Tuesday May 26 2020
JAM

Trucks queue at Koteko on the Bungoma-Malaba Road, awaiting clearance to enter Uganda. Truckers must undergo Covid-19 testing to prevent the spread of the pandemic. PHOTO | JARED NYATAYA| NATION MEDIA GROUP

By BRIAN OJAMAA

A traffic snarl-up that stretched for more than 50 kilometres from the Kenya-Uganda border at Malaba started easing Tuesday.

This was after police forcibly removed truckers who had downed their tools citing harassment in Uganda. Speaking during a Covid-19 briefing yesterday, Transport Cabinet Secretary James Macharia said the few who had caused the gridlock had been dealt with.

As a result, government officials reiterated their call to have truckers from Kenya obtain a Covid-19 clearance certificate 48 hours before departure to avoid “painful” tests at the Kenya/ Ugandan border.

East African Community Cabinet Secretary Adan Mohamed said Kenyan truckers had complained that they were being subjected to painful tests at the Malaba border.

PAINFUL TESTS

“We urge our truckers to do the tests in Kenya. Once you have the certificate, you do not have to be subjected to those painful tests,” he said.


Mr Mohamed said the Kenyan drivers had complained about lack of proper sanitation facilities: “You do not expect first-class facilities, but they are not as bad as people have described,” he said.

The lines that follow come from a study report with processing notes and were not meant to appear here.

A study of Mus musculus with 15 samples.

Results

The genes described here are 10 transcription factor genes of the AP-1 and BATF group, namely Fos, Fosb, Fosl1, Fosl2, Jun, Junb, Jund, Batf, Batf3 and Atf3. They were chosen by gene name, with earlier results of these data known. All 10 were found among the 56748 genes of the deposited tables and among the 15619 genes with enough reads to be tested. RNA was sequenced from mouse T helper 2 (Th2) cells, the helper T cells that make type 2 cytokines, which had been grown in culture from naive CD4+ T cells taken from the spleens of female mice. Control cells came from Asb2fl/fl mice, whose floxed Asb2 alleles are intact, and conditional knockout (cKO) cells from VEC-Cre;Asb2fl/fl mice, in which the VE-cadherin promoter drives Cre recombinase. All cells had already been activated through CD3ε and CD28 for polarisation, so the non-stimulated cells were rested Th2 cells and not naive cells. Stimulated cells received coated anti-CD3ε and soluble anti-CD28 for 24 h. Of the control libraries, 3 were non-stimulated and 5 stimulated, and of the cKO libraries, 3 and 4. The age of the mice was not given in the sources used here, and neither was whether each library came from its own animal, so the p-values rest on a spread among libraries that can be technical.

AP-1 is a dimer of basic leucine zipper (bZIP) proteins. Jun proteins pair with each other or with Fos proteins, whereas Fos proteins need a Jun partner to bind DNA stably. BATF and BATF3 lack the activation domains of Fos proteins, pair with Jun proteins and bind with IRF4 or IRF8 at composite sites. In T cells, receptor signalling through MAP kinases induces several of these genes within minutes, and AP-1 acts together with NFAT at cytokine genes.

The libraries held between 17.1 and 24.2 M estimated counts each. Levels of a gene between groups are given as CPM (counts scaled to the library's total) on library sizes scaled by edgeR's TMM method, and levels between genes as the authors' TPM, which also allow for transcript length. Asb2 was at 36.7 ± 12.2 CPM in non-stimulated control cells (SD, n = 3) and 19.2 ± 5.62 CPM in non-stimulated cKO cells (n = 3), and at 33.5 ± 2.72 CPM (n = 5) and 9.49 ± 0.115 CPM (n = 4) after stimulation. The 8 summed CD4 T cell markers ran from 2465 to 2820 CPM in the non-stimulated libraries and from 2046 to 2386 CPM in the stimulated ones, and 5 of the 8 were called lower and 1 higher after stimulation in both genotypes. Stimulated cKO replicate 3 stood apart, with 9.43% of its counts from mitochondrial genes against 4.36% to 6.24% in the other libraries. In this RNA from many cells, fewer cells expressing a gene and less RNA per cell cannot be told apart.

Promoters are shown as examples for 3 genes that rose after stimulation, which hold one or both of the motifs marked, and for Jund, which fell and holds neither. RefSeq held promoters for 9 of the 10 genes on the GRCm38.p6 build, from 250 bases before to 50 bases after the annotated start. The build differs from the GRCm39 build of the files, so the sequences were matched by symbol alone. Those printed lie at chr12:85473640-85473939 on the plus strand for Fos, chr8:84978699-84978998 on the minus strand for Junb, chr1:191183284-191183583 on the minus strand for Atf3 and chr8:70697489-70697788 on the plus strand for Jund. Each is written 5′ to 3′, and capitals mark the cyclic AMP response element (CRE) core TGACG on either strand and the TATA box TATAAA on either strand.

Mr Macharia said the tussle was not because of testing protocols, but errant drivers out to cause trouble: “We have been using the same testing protocols with Uganda. But the traffic jam was caused by some few elements who came to incite other truck drivers,” he said.

Malaba is the entry point to the Great Lakes region, which accounts for 30 per cent of all cargo coming through the port of Mombasa.

“With all these investments, which help in our development, we cannot have a few individuals causing trouble,” he cautioned.

HARASSMENT

The jam stretched from Malaba to Kanduyi, with trucks parked on both sides of the road.

The drivers from the Kenyan side went on a go-slow to protesting against harassment by Ugandan soldiers. They parked the trucks transporting petroleum at the border and deflated the tyres.

Busia County Commissioner Joseph Kanjiri Mureithi on Tuesday said the government would arrest and charge any driver found inciting others.

“We have heard this issue of truck drivers blocking the road for the past week, which has created panic among local residents, who fear that it could lead to the spread of Covid-19,” he said, adding that the government’s appeal to the truck drivers to remove their vehicles had failed.

He stated that the drivers’ demands were very unrealistic, as they wanted President Uhuru Kenyatta and Uganda’s President Yoweri Museveni to appear in person and address their plight.
He said they would ensure the road remains open and that business between Kenya and Uganda continues smoothly.